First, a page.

As the former prime minister was installed as chancellor of the University of Buckingham yesterday, the only discordant note came when someone mentioned the food at Merton. The baroness smiled, albeit grimly, and the moment passed.
It had been a tactless reference because few episodes in her premiership were more humiliating than the decision by Oxford's governing assembly, Congregation, to refuse her an honourary doctorate. The only other person to be snubbed this century was the former Pakistan president Zulfikar Ali Bhutto, and he was later hanged.
When the then prime minister received the news of her snub, her office said that if the university did not wish to confer the honour, she was the last person to wish to receive it. So yesterday, for consistency's sake, Lady Thatcher stuck to this line.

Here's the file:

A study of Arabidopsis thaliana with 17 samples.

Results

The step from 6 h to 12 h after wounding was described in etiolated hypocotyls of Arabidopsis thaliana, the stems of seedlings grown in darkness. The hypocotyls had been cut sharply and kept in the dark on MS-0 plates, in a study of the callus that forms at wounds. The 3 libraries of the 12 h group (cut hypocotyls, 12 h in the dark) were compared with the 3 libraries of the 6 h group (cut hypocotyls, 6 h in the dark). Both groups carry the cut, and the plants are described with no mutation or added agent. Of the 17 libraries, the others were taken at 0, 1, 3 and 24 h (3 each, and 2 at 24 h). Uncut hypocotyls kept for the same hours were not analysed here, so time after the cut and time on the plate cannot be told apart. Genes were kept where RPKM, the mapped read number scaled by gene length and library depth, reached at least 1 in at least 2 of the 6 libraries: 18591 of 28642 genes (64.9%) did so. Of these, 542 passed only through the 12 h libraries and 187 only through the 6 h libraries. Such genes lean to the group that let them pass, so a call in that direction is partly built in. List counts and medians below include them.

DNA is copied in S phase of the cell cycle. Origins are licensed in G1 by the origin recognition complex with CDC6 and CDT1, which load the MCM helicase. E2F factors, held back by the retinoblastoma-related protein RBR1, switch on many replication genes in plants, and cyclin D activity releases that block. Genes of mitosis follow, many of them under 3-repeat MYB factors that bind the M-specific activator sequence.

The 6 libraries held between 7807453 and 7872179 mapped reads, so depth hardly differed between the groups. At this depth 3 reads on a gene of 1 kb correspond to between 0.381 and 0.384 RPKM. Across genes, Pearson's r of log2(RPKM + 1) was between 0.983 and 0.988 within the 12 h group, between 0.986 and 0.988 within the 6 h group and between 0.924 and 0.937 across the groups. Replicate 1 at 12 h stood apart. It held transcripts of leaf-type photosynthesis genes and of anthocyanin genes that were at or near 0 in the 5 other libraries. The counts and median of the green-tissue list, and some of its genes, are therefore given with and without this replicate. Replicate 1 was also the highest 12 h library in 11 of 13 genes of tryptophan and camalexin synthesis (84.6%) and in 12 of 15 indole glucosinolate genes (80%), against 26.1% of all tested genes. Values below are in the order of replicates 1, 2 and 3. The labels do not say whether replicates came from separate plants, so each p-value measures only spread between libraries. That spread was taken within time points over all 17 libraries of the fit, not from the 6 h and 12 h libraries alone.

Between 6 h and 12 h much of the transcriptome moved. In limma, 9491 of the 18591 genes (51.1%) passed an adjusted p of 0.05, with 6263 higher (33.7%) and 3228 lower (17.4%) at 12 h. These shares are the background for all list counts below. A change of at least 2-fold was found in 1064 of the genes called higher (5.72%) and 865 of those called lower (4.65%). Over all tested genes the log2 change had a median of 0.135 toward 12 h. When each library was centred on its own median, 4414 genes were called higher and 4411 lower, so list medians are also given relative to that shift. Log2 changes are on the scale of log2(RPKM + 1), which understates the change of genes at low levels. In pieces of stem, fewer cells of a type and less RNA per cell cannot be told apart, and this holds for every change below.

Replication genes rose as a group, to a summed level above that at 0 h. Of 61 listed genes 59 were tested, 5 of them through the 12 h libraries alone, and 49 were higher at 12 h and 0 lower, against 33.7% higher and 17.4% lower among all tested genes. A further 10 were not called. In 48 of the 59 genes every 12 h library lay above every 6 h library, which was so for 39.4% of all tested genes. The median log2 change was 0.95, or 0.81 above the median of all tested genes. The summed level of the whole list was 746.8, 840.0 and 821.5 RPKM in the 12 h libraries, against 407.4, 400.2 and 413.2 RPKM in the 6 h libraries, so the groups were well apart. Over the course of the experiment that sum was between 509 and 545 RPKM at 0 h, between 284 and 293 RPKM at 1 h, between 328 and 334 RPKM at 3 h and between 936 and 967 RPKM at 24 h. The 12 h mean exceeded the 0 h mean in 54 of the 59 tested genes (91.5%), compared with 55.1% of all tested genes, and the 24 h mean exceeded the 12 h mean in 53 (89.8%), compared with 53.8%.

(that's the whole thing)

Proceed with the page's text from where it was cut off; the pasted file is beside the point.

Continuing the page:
Accepting the chancellorship, she said it was 'an honour greater than any to which I ever aspired'. It would have been churlish to doubt her. Certainly, she has been an ardent supporter since she opened the university in 1975.
As a private university, it was for many years outside the UCCA system of entry. Now it has more similarities with other universities, although the 900 students, many from abroad, still pay the full fees. However, it is still alone in offering a two-year degree course for 'highly motivated' people.
This is where Lady Thatcher comes in. Speaking at the ceremony at the church of St Peter and St Paul, Buckingham, she reminded her audience about the 'lesser minds' who questioned the wisdom of setting up a private university, and who had now been routed by its success. Appropriately the university's motto is Alis Volans Propriis (Flying With Its Own Wings).
A solitary protest staged outside by Rob Lehmann, a Labour town councillor, reminded Lady Thatcher of her glory years. He said some unprintable things about what she had done to the country. However, the only really unprintable words yesterday were Oxford University.